Saturday, February 11, 2012

Textbook Toxicology

We live in a world full of chemicals and any chemical can be poisonous in the right dose. Drink two gallons of water (which is, of course, a chemical) all at once and you could very well die. Too much vitamin D is harmful, while smaller amounts are essential. The Dose Makes the Poison: A Plain-Language Guide to Toxicology by Patricia Frank and M. Alice Ottoboni (which I received from Amazon Vine) sounded fascinating, and one review on Amazon mistakenly referred to it as a "reference," which made me imagine a sort of encyclopedia of all the chemicals (especially the hard-to-pronounce kinds) we encounter in our daily lives.

There is a lot of very interesting information in this book, such as the fact that rats can't vomit - which is why manufacturers of rat poison add a chemical that induces vomiting in case dogs, cats, or children (who can and frequently do vomit) consume the product. It was also interesting to know why you're not supposed to induce vomiting if you swallow gasoline. And I really found the information about mercury poisoning to be interesting, although I do wish they'd told us exactly how to clean it up.

But for all the fascinating information, there was a lot more that just sounded like a chemistry or toxicology textbook (although maybe not as dense). The subtitle says "A Plain-Language Guide to Toxicology," and for the most part it is very plain... but not always. Sometimes words and terms were not explained, and other times they were just repeated a bit too oft. And it didn't help that the tone of the book is sometimes a bit lecturing.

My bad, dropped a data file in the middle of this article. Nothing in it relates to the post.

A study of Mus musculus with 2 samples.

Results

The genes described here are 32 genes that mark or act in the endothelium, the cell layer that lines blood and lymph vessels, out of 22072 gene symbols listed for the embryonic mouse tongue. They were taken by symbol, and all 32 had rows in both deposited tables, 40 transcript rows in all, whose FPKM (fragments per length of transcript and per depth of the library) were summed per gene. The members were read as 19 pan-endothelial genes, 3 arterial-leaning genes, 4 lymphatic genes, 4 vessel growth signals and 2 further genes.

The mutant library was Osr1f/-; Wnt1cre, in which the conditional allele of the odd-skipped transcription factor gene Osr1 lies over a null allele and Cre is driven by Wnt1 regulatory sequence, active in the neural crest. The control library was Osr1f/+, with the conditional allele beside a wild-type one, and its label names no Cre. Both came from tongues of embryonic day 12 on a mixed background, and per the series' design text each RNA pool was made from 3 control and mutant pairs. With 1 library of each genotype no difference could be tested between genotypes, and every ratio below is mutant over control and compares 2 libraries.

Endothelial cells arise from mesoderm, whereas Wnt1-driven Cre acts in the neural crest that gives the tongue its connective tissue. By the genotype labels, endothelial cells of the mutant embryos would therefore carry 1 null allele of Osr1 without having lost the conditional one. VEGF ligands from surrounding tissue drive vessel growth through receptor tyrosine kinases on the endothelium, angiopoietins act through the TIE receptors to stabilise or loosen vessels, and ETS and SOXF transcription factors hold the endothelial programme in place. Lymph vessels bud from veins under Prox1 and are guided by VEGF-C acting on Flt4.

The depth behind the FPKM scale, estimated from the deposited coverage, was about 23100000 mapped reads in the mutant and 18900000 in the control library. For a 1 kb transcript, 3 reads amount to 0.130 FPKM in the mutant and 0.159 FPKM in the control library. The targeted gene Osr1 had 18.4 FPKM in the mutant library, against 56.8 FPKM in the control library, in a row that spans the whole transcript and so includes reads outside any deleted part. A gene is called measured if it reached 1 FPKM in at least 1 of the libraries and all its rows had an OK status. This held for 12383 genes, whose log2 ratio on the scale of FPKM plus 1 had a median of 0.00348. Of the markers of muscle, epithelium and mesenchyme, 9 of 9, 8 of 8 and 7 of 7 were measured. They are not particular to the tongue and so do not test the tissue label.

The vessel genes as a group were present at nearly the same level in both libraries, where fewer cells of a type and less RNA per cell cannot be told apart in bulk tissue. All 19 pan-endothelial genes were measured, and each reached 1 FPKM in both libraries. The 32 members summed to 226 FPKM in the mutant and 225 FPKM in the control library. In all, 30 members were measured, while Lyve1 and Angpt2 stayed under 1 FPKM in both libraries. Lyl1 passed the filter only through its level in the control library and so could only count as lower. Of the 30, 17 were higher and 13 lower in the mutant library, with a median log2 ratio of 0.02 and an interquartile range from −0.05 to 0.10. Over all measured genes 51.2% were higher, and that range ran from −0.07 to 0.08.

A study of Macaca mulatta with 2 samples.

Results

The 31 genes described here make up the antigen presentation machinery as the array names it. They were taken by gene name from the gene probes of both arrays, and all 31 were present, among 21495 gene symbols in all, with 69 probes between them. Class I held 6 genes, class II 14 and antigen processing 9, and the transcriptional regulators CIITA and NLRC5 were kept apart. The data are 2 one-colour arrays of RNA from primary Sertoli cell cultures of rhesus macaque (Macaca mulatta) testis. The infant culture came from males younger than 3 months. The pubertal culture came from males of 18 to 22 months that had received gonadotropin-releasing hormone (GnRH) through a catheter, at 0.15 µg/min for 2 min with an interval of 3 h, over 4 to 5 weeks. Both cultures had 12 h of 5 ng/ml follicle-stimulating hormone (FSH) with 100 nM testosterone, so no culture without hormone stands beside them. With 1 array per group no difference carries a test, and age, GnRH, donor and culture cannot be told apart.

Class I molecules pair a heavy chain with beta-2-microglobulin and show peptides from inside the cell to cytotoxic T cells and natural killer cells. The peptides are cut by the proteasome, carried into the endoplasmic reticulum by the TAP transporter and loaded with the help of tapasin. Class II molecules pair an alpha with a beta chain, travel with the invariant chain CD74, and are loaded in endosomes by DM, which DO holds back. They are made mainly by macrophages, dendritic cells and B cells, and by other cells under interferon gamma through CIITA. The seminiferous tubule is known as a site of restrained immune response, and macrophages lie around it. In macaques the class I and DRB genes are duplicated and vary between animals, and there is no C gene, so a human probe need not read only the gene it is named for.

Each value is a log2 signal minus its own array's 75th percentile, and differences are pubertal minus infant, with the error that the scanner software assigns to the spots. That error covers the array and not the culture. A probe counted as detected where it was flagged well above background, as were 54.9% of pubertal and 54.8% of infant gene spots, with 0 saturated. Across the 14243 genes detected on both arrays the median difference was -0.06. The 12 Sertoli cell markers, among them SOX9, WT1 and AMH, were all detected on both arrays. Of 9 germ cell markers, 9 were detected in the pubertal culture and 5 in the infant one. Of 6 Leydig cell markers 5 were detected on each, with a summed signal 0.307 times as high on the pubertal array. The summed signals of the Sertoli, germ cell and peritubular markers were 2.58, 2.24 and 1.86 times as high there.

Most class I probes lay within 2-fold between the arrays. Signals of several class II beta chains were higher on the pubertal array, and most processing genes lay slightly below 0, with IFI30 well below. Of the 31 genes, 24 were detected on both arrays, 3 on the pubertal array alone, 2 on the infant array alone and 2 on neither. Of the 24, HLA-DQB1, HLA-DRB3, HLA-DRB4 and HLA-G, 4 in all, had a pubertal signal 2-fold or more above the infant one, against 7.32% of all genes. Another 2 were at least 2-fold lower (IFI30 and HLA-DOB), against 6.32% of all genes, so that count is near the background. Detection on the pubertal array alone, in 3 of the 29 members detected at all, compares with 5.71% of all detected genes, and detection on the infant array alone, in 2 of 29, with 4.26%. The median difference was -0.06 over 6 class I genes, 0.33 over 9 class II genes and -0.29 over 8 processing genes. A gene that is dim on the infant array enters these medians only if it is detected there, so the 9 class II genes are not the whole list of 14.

The authors make the valid point that chemicals are usually maligned by the public and sensationalized by the media. We blame (or at least suspect) them for unexplained illnesses and especially vilify "synthetic" or man-made chemicals. (In truth, Mother Nature's cupboard is more dangerous than man's.) The fact is that modern chemistry has improved our lives dramatically and a little understanding on our part is very eye-opening. The book also explains the difficulties in determining risks and side-effects of consumer goods, how they are tested (including animal subjects), and the measures used by toxicologists. And while the book makes a lot of good points (and is probably a lot more readable than a real textbook), it's not always the kind of book you'd describe as "couldn't put it down." Nor is it a "reference."